I don’t want to assume anything about those who read our blog, so I’ll open up with the fact that 2010 was a banner vintage for much of Italy. The 2010 Brunello, Barolo, and Barbaresco have all been hailed as one of the best in years, and part of the hype is that many are just being released now due to DOCG requirements. Today I’m just focusing on the 2010 Barolo.
So first, why the hype around any vintage? What’s the difference? For a moment, picture biting into a perfectly ripe peach, watermelon, strawberry, raspberry, or cherry. Now picture drinking a juice with more complexity and history behind its production than the perfectly ripe fruit we’ve imagined enjoying just now.
What makes a vintage great? In the end, it comes down to the weather and the fruit. There are many other factors of course in play, but let's not overcomplicate things. The weather in 2010 was superb- allowing grapes to ripen much later into October than in past seasons. The ripening of the fruit into late October, and subsequent harvesting into November allowed the fruit to mature into something that has seldom been seen in the last 10 years (although other vintages have been well received including 2004 and 2001.) Wines like the 2010 Barolo continue to ‘soften’, that is become less tanic and increase in their complexity with years of bottle aging so long as they are stored well.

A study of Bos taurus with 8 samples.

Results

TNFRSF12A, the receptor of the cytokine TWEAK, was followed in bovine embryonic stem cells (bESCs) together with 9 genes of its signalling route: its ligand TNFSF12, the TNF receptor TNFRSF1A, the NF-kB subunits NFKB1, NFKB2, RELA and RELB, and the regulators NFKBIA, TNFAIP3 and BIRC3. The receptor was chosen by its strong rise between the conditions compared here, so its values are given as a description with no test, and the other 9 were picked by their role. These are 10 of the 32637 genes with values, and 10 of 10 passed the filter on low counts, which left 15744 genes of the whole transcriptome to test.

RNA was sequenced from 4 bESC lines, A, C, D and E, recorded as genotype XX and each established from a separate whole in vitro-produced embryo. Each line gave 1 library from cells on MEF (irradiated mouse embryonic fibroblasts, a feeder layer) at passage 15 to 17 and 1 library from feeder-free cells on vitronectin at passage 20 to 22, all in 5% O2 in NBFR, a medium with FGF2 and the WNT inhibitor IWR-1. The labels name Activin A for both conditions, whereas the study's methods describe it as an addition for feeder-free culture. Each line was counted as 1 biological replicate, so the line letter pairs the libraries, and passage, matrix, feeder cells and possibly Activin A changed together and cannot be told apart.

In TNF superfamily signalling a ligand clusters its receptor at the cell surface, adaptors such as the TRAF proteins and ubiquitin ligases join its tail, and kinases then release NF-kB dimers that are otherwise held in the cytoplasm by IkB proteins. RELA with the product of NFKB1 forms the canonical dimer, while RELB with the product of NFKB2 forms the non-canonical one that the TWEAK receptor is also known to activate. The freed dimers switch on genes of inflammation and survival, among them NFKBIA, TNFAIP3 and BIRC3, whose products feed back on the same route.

The vintage as of the writing of this posting is still available but very scarce, due to its popularity. Fortunately for our readers, we do have a (very) small supply still in stock.
Much of the information in this article was taken from the 2014 article “Your Guide to Top-Rated 2010 Barolo” in Wine Enthusiast by Kerin O’Keefe.